Herniated disc FAQs

Q: What causes a herniated disc?
A: The single biggest underlying cause of a herniated disc is degeneration due to age. The discs lose their elasticity due to natural wear, making it easy for the hard outer surface to rupture. When this happens, the inner material can extrude into the spinal canal, interfering with nerves and causing painful symptoms. In rarer cases, a traumatic injury can cause a herniated disc.

Q: I have back pain and believe I may have a herniated disc. What is the best way for me to get a diagnosis?
A: Seeing your primary care doctor or a spine specialist is the best first step to an accurate diagnosis of a herniated disc. Your physician can perform a thorough examination, review medical history and if necessary, give you a prescription to have an MRI or CT scan taken to confirm the diagnosis. Laser Spine Institute offers a review of this imagery and reporting to determine if you are a potential candidate for our minimally invasive spine surgery.

Q: Where should I turn to next for help relieving my pain and other symptoms caused by a herniated disc?
A: Most patients find success partnering with a physician for a course of conservative, nonsurgical treatment like physical therapy, epidural injections or chiropractic care. If you haven’t found meaningful pain relief with these methods, we suggest you view our page dedicated to herniated disc treatment. There you can learn more about how our minimally invasive procedures can help you get back to a healthy, active lifestyle.

Q: Will existing hardware affect my surgery?
A: Many patients with hardware have successful results with our surgery. Some may even be candidates for hardware removal. We can also remove scar tissue buildup from previous surgery. After reviewing your MRI report, we can give you a better idea of whether or not we would be able to help.

Q: How long is the rehabilitation period after surgery at Laser Spine Institute?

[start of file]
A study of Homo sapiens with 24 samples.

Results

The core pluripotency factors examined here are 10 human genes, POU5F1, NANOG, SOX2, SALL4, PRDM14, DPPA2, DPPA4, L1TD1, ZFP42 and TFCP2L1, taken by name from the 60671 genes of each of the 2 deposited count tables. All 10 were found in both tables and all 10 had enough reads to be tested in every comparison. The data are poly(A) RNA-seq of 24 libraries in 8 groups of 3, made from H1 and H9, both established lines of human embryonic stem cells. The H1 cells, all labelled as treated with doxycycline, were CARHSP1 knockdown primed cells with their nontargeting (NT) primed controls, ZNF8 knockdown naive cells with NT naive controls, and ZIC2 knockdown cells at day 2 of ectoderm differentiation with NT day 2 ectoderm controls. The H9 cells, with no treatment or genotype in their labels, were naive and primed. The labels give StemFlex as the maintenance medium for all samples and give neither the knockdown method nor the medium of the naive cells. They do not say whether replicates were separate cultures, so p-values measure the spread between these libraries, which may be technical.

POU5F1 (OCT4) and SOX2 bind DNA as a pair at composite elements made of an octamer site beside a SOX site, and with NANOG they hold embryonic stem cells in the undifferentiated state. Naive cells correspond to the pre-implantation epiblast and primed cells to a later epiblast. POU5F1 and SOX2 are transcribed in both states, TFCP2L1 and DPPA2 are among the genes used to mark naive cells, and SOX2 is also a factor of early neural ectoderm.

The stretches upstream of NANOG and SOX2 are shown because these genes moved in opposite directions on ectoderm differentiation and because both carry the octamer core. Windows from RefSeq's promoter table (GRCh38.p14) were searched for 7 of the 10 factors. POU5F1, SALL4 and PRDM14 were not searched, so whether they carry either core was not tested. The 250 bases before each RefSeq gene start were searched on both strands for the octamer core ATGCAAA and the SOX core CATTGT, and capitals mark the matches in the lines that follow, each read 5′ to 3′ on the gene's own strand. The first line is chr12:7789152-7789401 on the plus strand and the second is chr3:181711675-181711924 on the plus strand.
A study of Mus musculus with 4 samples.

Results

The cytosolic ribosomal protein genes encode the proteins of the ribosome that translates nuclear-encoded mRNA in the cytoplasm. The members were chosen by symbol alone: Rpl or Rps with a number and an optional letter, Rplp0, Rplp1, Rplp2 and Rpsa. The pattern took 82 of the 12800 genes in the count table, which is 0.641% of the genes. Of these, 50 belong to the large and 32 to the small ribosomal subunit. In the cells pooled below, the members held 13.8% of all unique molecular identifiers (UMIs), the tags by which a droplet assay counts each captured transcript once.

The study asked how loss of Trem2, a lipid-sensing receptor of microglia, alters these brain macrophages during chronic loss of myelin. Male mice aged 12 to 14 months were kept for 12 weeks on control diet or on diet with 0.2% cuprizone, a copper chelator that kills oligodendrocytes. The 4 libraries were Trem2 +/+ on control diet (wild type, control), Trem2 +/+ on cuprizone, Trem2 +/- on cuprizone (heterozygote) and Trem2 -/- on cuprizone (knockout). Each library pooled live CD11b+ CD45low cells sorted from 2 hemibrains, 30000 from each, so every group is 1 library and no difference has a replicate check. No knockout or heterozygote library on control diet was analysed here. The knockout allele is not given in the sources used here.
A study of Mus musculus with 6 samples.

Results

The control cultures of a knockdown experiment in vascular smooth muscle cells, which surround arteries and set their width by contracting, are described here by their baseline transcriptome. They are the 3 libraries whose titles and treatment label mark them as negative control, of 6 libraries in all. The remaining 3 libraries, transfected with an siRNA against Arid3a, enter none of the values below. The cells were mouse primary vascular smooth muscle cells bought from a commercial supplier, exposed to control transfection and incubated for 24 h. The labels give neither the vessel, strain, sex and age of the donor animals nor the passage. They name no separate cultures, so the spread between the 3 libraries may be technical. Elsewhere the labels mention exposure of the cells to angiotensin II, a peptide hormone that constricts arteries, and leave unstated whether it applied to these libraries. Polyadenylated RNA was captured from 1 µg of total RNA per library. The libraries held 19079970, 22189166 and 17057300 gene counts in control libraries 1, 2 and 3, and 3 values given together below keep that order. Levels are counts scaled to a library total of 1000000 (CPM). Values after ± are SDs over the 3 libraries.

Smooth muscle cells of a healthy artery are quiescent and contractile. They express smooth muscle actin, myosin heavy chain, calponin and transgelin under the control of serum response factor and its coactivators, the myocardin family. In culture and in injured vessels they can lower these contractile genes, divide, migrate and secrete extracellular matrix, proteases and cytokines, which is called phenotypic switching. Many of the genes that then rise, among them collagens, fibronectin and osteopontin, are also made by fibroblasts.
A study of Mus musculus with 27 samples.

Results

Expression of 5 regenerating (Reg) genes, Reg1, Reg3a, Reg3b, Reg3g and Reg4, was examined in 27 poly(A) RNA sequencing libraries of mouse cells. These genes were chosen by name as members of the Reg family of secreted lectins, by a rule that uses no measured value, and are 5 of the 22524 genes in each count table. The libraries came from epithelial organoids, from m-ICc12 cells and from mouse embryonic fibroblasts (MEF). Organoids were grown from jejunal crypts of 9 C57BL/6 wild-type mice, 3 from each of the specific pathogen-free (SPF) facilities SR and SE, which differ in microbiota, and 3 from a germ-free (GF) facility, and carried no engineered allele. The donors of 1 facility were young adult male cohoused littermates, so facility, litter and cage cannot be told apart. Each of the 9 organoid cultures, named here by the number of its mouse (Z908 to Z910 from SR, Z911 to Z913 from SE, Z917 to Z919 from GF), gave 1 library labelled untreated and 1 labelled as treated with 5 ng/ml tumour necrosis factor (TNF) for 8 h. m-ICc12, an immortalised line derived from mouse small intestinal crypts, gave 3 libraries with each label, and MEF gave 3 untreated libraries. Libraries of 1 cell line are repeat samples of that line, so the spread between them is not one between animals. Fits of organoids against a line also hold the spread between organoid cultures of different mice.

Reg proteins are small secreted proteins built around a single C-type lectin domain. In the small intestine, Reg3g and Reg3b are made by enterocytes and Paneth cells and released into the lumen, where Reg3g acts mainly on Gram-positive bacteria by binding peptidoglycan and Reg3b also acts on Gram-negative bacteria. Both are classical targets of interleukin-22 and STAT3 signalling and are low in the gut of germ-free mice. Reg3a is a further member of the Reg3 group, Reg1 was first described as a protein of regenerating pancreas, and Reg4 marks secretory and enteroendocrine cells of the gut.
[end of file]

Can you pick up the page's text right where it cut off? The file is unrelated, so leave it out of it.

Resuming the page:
A: The recovery time is short^ because we use small incisions — typically less than 1 inch — and use an endoscope to enter the body. This instrument stretches and pushes the muscles aside instead of severing them, causing less trauma, scar tissue and blood loss than traditional open back procedures. Specific instructions regarding recovery and returning to work are given to each patient by our physicians and staff following surgery.

Q: Can I have a herniated disc and not have any symptoms?
A: Yes. Usually, a herniated disc only causes symptoms if disc material interferes with nerves in the spine. Symptoms of a herniated disc typically include pain, numbness, tingling or weakness in the extremities. Local pain and inflammation can occur if the nerves on the disc surface become irritated.

Q: What is the difference between a bulge and disc herniation?
A: The discs in our spine are always under a lot of pressure, and when discs are healthy, the tough outer wall of a disc holds the inner core in place. A bulge occurs when the interior part of the disc pushes to the point that it begins to break through the layers of the deteriorated outer wall, causing a bulge with no rupture. This can still be painful if the bulge pinches a nerve in the spinal cord or a nerve root. Disc herniation is more extreme, in which a tear occurs in the outer wall, allowing material from the center to leak out.

Q: What are my treatment options for severe disc damage where the surgical recommendation is disc removal and spinal fusion?
A: Some herniated discs are so deteriorated that only removing the disc material compressing the nerve is insufficient treatment. In these situations, the best course of action is removal of the entire disc, using a combination of hardware and bone grafts to stabilize the empty space between the vertebrae. Traditional open back fusions are highly invasive procedures — even by the standards of spine surgery — but for a long time they were the only option when disc damage was advanced. Laser Spine Institute surgeons can now perform minimally invasive stabilization procedures that avoid the risks and difficulties of a traditional fusion while achieving the same positive outcomes.